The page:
07 October 2007

An outsider looking in

My column for this week's issue of Vox Bikol.

WHEN Kristian Cordero approached me to do a review of Fr. Andrew Recepcion’s “God’s Global Household -- A Theology of Mission in the Context of Globalization,” I hesitated initially, considering that I belong to a different faith: I am a Jehovah’s Witness.

Kristian, however, said the author wouldn’t mind having a non-Catholic do it; after all, we are neighbors at the Vox Bikol opinion page. (Come to think of it, the book launch is practically a get-together of the paper’s staff.) Having said that, let me proceed to my main task this afternoon.

One, as can be expected of most published dissertations, the book is not an easy read. In this age of infotainment -- which is how some senators characterized, for instance, the recent hearings on the ZTE broadband deal -- the generation who grew up with Harry Potter will find it “heavy” stuff.

Nonetheless, if you are that Harry Potter fan who found great relief in the fact that -- after Book Seven -- the young wizard and his friends survived Voldemort and his minions, and good ultimately triumphed over evil, there is a strong likelihood that you must already be in college and will be asked to research into the phenomenon called “globalization.”

Well, have no fear: the first third of Recepcion’s book neatly summarizes the various aspects of the debates on globalization, something that Wikipedia does not offer. In 50 or so pages, he will tour you around the critical issues attending the debate, including Huntington’s now famous clash of civilizations thesis; the theories that attempt to explain it; as well as the paradigms that help clarify our present understanding of the phenomenon.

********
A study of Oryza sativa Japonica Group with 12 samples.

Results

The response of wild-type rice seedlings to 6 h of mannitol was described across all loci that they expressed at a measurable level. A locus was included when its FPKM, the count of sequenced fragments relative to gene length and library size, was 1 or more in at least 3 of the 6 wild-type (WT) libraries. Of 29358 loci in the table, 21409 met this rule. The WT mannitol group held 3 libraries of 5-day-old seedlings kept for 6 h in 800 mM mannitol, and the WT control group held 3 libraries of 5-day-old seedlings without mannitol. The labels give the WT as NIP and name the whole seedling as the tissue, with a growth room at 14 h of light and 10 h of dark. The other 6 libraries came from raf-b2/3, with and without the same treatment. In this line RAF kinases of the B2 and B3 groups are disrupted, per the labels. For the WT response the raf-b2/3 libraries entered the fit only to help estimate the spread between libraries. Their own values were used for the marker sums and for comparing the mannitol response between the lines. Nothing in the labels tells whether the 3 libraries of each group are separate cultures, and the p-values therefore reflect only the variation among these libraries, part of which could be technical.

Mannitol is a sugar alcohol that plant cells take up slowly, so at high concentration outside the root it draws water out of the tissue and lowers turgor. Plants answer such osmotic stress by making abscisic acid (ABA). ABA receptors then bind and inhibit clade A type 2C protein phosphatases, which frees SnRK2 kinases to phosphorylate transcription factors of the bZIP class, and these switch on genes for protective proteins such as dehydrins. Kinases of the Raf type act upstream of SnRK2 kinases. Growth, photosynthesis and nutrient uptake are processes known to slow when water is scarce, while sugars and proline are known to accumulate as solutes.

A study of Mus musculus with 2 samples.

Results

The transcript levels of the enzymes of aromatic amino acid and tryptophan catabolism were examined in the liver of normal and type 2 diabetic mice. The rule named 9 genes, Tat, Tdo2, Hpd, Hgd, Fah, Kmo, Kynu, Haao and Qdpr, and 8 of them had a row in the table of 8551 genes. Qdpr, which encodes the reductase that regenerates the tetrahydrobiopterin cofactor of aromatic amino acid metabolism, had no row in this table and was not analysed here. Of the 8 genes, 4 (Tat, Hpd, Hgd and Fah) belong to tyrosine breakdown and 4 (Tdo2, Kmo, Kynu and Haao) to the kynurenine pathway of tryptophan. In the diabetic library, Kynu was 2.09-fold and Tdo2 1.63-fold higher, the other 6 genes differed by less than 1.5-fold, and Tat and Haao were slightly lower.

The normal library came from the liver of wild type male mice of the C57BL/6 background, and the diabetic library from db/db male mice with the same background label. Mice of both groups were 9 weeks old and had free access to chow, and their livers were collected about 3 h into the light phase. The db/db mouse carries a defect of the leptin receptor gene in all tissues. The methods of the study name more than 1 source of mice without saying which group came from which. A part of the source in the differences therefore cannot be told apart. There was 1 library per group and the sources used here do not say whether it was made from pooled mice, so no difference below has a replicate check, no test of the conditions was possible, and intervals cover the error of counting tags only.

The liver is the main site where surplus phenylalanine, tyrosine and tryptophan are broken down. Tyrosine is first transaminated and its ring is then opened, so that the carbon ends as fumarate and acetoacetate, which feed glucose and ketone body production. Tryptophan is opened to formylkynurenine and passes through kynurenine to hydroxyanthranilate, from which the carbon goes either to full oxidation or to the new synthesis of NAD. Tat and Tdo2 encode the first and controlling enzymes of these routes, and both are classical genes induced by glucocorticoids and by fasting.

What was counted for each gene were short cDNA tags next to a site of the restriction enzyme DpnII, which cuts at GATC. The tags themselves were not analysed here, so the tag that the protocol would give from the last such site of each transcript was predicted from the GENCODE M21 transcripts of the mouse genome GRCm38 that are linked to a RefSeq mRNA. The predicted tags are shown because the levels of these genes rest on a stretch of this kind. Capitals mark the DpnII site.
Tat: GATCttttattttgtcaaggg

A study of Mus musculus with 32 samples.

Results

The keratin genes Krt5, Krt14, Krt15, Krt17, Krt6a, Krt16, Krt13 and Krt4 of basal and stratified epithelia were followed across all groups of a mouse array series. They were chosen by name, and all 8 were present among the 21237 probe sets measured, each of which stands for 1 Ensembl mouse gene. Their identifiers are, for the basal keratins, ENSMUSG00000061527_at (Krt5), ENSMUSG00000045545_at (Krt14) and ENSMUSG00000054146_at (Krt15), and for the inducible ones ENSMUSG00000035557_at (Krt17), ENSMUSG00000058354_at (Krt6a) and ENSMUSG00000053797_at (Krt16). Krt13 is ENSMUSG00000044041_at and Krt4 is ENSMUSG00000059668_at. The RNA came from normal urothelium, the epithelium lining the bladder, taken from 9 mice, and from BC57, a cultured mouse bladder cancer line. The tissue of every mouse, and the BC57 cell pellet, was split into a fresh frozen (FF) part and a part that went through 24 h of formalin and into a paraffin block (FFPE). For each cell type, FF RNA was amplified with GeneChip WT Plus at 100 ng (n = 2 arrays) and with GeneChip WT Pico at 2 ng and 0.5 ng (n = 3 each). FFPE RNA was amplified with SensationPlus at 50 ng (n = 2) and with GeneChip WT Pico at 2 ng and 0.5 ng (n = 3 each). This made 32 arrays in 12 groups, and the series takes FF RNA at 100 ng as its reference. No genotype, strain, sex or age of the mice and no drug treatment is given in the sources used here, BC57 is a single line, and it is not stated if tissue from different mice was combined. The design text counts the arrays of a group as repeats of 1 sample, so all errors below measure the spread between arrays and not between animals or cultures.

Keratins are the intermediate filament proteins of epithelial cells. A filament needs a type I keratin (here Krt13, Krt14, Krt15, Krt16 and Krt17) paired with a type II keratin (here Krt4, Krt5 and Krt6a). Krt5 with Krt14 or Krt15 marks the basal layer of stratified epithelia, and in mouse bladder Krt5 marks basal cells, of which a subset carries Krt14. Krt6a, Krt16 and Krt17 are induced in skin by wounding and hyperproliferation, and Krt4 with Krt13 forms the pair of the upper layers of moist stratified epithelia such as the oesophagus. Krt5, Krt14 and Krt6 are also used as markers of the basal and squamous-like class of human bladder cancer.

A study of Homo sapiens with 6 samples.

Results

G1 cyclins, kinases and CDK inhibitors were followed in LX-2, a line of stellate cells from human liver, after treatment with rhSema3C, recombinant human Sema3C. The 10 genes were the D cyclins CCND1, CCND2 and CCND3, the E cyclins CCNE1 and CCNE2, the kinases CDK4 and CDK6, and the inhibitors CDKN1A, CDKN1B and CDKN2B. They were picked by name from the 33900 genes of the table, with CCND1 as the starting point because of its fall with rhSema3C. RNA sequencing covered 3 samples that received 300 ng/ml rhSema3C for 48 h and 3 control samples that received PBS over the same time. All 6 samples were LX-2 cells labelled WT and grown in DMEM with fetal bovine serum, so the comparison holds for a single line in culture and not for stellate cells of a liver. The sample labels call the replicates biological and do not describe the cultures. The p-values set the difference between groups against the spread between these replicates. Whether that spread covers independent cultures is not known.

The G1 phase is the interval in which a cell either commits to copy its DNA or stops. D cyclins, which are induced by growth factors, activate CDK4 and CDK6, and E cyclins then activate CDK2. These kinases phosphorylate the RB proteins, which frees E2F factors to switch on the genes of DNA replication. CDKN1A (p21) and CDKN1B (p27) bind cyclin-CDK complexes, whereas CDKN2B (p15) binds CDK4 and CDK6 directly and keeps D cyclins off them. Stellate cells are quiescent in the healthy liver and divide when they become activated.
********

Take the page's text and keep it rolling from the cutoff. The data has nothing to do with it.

The bottomline, if I’m not mistaken, is represented by that ancient Indian fable about the six blind men of Hindustan -- better understanding can only be made possible by looking at an issue from multiple dimensions. Or better still, the synergistic concept that the whole is greater than sum total of its parts, especially when informed by knowledge from the Divine.

Of course, the book will certainly be a most useful guide for most mainline Christian churches insofar as modern missionary work is concerned. But it is precisely with the rest of the book that I am ambivalent about, mainly because of the reason I pointed out at the outset.

On the one hand, I find it remarkable that the Catholic Church has rediscovered “missionary theology” only in recent times, when smaller denominations in the margins have been doing so, driven by the mandate to “preach the good news of the kingdom in all the inhabited earth for a witness to all the nations.” (Mat 24:14)

On the other, the theology of mission it proposes -- built around the doctrine of the Trinity -- is quite alien to us inhabiting the fringes, unitarians as we are whose beliefs are more akin with those advanced by Arius of Alexandria. In a big way, therefore, if the objective is to promote dialog across various global divides, this approach is rather exclusive.

Nonetheless, notwithstanding the absence of a long tradition of catholic scholarly work -- to which Recepcion’s opus properly belongs -- we outsiders looking in find great comfort in the following passage from Mark’s account of the Gospel:

One of the teachers of the law came and heard them debating. Noticing that Jesus had given them a good answer, he asked him "Of all the commandments, which is the most important?"

"The most important one," Jesus answered, "is this: Hear, O Israel, the Lord our God, the Lord is one. Love the Lord your God with all your heart, with all your soul and with all your mind and with all your strength. The second is this: Love your neighbour as yourself. There is no commandment greater than these." (Mark 12:28-31)
Come to think of it, living out these commandments can bring about at least two probable outcomes: (1) at the very least, the same global household envisioned by Recepcion in an increasingly globalized world, and (2) beyond that, for us who believe differently -- if rewarded by the risk we took on taking the road less traveled, to borrow from Frost -- the scriptural promise of everlasting life in an earthly paradise.

Remarks during the God’s Global Household book launch held at the Madrigal Center Amphitheater, Ateneo de Naga University, on October 6, 2007.